Emotional Intelligence in Early Childhood

Jan 27, 2024 | Early Childhood

Emotional intelligence. That’s the technical term for understanding your own feelings, and the feelings of others.

Research says that it leads to increased attention, more friends, and higher grades in school. For adults, it leads to higher job satisfaction, healthier relationships, and better stress management.

Sound like things you’d like your child to have?

The RULER model helps support students in this vital area.

Recognize – Check in with your body. How are you feeling? Are your hands in fists? Do you feel like JUMPING? Are you crying? Does your body feel heavy?

Understand – What CAUSED me to feel this way? Did I stay up late last night? Did my friend take the toy I was using? Am I going to the park later?

Label – There are SO many words to describe our feelings. Happy, sad, frustrated, excited, calm, hopeful… Decide what words fit you best.

Express – Is this an appropriate way to show my emotion in this situation? Is it ok for me to show my excitement about the party later by running around the waiting room at the dentist?

Regulate – Come up with a way you CAN show this emotion, or change it if you want to. Maybe I can draw a picture of what I am most excited about. Instead of running, I could jump in place.

Kids doing sign language

How can I help my child learn these skills?

Model – When YOU are having big feelings, describe them and explain what you do to regulate them. “Grrr. I’m feeling so FRUSTRATED because I can’t find my keys. I’m going to take a deep breath and count to 5. Then I’ll retrace my steps and find them.”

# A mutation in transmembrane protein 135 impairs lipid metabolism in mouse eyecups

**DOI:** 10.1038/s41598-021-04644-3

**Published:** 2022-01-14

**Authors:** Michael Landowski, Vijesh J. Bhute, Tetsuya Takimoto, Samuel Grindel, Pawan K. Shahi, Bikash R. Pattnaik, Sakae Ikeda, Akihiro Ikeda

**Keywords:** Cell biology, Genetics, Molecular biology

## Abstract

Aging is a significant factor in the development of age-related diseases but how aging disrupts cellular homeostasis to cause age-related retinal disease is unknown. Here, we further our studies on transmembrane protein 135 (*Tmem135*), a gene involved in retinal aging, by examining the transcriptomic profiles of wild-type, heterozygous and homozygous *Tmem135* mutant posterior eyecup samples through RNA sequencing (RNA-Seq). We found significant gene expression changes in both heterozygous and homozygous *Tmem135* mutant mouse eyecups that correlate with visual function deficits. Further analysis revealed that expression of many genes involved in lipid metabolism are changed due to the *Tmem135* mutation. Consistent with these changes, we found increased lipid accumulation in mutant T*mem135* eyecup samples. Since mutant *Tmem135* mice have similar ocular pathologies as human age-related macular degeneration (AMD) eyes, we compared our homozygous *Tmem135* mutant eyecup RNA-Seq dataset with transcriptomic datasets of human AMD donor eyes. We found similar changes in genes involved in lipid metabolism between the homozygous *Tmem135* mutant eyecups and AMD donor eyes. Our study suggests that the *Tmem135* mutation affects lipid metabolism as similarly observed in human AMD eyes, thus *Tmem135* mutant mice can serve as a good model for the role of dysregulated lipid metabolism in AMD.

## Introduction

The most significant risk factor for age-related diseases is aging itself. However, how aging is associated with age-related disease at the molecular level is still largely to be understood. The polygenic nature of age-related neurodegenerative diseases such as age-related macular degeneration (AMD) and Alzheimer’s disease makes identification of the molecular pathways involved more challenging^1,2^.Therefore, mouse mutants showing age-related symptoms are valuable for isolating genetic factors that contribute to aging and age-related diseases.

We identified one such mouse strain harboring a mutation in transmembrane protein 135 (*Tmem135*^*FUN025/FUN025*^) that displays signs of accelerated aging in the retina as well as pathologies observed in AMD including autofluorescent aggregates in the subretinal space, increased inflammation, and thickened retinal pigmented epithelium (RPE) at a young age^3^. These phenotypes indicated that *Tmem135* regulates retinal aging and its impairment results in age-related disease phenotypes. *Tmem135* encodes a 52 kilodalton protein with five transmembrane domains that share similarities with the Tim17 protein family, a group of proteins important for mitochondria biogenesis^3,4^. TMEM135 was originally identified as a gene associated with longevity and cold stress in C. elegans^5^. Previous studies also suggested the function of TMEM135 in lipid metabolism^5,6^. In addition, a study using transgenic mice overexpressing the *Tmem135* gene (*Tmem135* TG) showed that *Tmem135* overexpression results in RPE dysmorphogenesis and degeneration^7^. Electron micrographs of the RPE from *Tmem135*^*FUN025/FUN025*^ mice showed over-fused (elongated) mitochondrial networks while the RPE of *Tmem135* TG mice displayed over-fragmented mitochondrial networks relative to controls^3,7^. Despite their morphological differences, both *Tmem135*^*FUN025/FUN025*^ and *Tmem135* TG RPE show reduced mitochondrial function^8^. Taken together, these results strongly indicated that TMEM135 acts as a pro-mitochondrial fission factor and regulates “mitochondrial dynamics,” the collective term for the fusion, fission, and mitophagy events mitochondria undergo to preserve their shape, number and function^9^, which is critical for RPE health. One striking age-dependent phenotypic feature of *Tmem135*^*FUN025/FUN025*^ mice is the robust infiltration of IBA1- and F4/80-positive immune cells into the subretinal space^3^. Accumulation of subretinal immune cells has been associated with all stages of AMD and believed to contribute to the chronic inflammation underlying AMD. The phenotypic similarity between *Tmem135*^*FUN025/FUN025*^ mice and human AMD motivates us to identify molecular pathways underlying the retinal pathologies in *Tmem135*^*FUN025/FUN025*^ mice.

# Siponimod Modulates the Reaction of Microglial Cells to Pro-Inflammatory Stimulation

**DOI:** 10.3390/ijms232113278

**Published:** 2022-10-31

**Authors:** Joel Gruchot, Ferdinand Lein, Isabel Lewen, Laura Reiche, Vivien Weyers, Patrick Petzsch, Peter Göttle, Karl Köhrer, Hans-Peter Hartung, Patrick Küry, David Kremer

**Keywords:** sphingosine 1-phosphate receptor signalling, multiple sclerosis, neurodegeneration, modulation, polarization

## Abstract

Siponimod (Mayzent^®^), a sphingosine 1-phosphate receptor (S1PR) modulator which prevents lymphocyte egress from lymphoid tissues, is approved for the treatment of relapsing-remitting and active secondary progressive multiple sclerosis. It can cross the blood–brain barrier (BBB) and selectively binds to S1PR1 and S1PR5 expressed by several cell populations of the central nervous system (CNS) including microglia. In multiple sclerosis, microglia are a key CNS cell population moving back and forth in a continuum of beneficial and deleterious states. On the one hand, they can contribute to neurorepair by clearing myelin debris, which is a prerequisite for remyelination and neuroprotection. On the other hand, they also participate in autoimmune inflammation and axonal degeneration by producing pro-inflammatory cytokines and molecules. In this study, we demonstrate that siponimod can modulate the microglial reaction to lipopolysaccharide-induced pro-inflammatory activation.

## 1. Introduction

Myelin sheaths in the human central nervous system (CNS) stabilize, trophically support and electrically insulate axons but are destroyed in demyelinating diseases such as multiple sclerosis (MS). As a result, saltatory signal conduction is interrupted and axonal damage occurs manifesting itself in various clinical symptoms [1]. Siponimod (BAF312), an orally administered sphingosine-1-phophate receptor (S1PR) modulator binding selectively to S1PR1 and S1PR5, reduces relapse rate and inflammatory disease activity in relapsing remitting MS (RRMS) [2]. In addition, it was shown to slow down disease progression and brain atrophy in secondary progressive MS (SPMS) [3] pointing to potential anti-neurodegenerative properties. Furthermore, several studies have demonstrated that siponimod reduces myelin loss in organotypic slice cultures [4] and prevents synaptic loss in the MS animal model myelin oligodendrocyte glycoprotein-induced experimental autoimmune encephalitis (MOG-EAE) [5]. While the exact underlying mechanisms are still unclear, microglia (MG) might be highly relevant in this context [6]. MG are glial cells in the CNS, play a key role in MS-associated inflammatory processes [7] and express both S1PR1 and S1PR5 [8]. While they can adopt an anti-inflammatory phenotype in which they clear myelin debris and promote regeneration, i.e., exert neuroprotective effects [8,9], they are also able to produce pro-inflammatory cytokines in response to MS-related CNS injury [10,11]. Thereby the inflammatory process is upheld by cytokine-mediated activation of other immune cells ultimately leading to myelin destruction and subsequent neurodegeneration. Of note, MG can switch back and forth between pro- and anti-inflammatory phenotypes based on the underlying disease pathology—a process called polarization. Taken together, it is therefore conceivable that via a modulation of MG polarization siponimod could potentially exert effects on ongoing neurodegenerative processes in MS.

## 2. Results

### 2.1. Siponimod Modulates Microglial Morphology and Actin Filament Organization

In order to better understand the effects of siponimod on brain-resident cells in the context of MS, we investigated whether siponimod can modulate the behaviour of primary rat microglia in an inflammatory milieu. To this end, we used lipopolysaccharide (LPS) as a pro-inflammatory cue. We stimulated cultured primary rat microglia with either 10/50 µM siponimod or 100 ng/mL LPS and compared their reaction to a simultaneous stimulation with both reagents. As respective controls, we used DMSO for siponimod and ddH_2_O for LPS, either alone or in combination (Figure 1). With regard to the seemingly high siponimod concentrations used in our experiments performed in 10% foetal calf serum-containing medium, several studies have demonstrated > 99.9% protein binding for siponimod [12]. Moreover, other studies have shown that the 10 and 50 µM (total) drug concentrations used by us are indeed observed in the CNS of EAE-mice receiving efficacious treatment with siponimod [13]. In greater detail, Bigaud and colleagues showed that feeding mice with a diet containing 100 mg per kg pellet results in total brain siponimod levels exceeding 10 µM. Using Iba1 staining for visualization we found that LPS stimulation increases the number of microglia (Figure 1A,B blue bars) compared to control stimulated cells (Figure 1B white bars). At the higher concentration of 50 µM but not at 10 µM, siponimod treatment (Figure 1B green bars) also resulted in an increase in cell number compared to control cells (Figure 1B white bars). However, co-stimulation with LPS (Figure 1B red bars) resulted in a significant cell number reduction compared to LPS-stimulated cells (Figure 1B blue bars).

Identify feelings in media. “Elmo is disappointed. He is looking down and has a frown on his face. He’s talking quietly. He wanted to play outside but its raining today. Maybe he can find a fun activity to do inside instead.”

Use emojis. Show children different emojis and talk about what they might be feeling. Think of a story about them. “He looks excited! Maybe he is thinking about how Grandma is coming to visit tomorrow.”

Role Play – When your child is playing pretend introduce different emotions. “Buzz Lightyear is feeling brave. He is ready to leave on his mission to space!” “The puppy wants to know what is in the box, she’s feeling curious.”

Helping children recognize their emotions and express them appropriately is a huge part of their success in school and beyond. Later, this helps them understand the feelings of others, building quality friendships. Thats empathy, the key ingredient to building the connections our world needs.